Team Motivation

By: The Recruiting Training Corner

A plaintive theme can be heard across cubicles all over North America of late: deadlines are too tight, there are too few people to do the work, the economy is uncertain and employee motivation  is in the basement.  

All of which can lead to workplace morale issues that undermine the quality of the work across your organization. 

So how does one stem this tide?

Start your recruiters. They are often the first person that a candidate encounters. Reignite their passion for the job is essential to maintaining a high-performing workplace. 

Let’s explore six factors you should consider to help you achieve this goal.

Enrich Positions. When was the last time you took inventory of your recruiters’ strengths and weaknesses and tailored tasks for them based on those qualities? 

While it may seem like a monumental task, understanding what makes a recruiter tick will go a long way to creating more job satisfaction. And more job satisfaction will ultimately lead to a recruitment team that has more passion for what they do.

Track Metrics. You need to accurately measure metrics in order to clearly measure recruiters’ successes.

Does your organization have these systems in place today?  If so, are you actively looking at those numbers and trying to understand the results? 

Make it a point to start reviewing your metrics, understanding your benchmarks, and most importantly, making changes based on the data. 

If analyzed properly, these numbers can be powerful tools to manage your recruiters effectively and give them a true understanding of how they can be successful in your organization.

Maintain your Level of Excitement. As manager, are you maintaining your own level of excitement for the job?  Are you taking the time to empower employees, enthusiastically sell your services (if that applies to your situation) and finding the time to make happiness a ritual?

If not, it might not be realistic to expect the same from your team. Remember that positive communications in the workplace set a tone.  Be aware of this, even on bad days. 

Meetings Matter. As part of your team leadership, start every week with a team meeting to motivate employees.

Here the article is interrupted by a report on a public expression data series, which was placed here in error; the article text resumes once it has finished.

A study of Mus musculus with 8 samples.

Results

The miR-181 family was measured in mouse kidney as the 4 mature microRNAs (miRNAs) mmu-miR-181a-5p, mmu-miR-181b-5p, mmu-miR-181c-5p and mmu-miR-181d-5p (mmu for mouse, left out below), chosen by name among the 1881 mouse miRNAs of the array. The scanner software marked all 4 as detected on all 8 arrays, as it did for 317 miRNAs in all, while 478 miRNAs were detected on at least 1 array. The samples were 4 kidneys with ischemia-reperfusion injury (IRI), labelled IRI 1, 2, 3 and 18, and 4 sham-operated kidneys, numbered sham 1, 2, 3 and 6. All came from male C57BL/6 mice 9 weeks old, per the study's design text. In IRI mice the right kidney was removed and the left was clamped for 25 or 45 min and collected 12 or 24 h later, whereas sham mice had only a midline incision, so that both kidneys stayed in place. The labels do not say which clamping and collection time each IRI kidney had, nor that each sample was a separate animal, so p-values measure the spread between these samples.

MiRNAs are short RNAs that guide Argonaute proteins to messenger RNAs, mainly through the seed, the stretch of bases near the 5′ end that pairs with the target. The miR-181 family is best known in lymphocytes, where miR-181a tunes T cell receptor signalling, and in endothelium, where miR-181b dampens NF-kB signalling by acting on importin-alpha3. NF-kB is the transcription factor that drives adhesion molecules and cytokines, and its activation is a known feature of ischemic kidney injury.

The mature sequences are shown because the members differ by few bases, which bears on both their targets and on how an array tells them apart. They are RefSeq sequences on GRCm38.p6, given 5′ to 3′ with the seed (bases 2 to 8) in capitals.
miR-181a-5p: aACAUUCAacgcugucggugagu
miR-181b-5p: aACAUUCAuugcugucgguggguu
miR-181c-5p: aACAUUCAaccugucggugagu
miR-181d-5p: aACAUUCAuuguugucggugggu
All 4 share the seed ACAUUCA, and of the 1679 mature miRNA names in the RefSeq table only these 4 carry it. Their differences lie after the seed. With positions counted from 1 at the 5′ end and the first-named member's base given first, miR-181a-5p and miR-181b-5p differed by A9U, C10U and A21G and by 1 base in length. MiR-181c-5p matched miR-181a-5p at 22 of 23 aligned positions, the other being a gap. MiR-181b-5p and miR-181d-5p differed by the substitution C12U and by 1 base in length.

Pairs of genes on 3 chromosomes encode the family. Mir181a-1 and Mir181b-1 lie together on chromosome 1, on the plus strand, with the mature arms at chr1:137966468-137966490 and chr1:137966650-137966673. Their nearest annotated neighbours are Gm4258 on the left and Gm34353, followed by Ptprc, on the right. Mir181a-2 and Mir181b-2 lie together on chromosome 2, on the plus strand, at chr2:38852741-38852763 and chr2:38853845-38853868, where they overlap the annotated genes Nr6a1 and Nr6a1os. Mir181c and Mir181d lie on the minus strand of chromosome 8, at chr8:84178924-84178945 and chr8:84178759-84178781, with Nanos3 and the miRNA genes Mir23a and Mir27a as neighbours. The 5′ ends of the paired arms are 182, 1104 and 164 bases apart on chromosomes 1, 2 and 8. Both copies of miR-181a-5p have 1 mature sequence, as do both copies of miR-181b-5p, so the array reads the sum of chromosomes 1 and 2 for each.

Have everyone outline their goals for the week, discuss potential challenges they see, asking others in the group weigh in. Make sure to clearly communicate successes that the group has had.  This will create an atmosphere of teamwork.  Additionally, make time for one-on-ones. 

Ask status questions about their requisitions and truly listen to their answers. Always make sure they know that you understand what’s happening with their jobs, care about what they feel, and are there to support them and their success.

Make Time for Fun. This may seem obvious, but taking your group out to a restaurant and having fun outside the office is extremely important to morale. 
And if that’s difficult to do due to commitments outside of work, how about trying to incorporate it within the work day?  Don’t make it a requirement, but invite the team to participate in Coffee Tuesdays or potluck lunches. 

Teams who get to know each other beyond the superficial will be more likely to enjoy work and want to help each other. 

Use the Right Products. Although your organization is probably doing more with less, try to solicit ideas from your recruiters about the tools they’re using.

Do they feel like you have the right mix of products?  Are you missing something?   What does your competition currently have? Understanding what your competition is doing will ultimately help to successfully recruit qualified candidates to your organization.

Ultimately, it’s about your team’s development so that they feel empowered in the process.  

To gain a deeper understanding of your team’s current level of motivation, consider using an employee satisfaction survey.

Making a concerted effort to motivate your recruiters should be at the top of your list of priorities every year as HR manager, regardless of the state of the economy or the state of your current organization.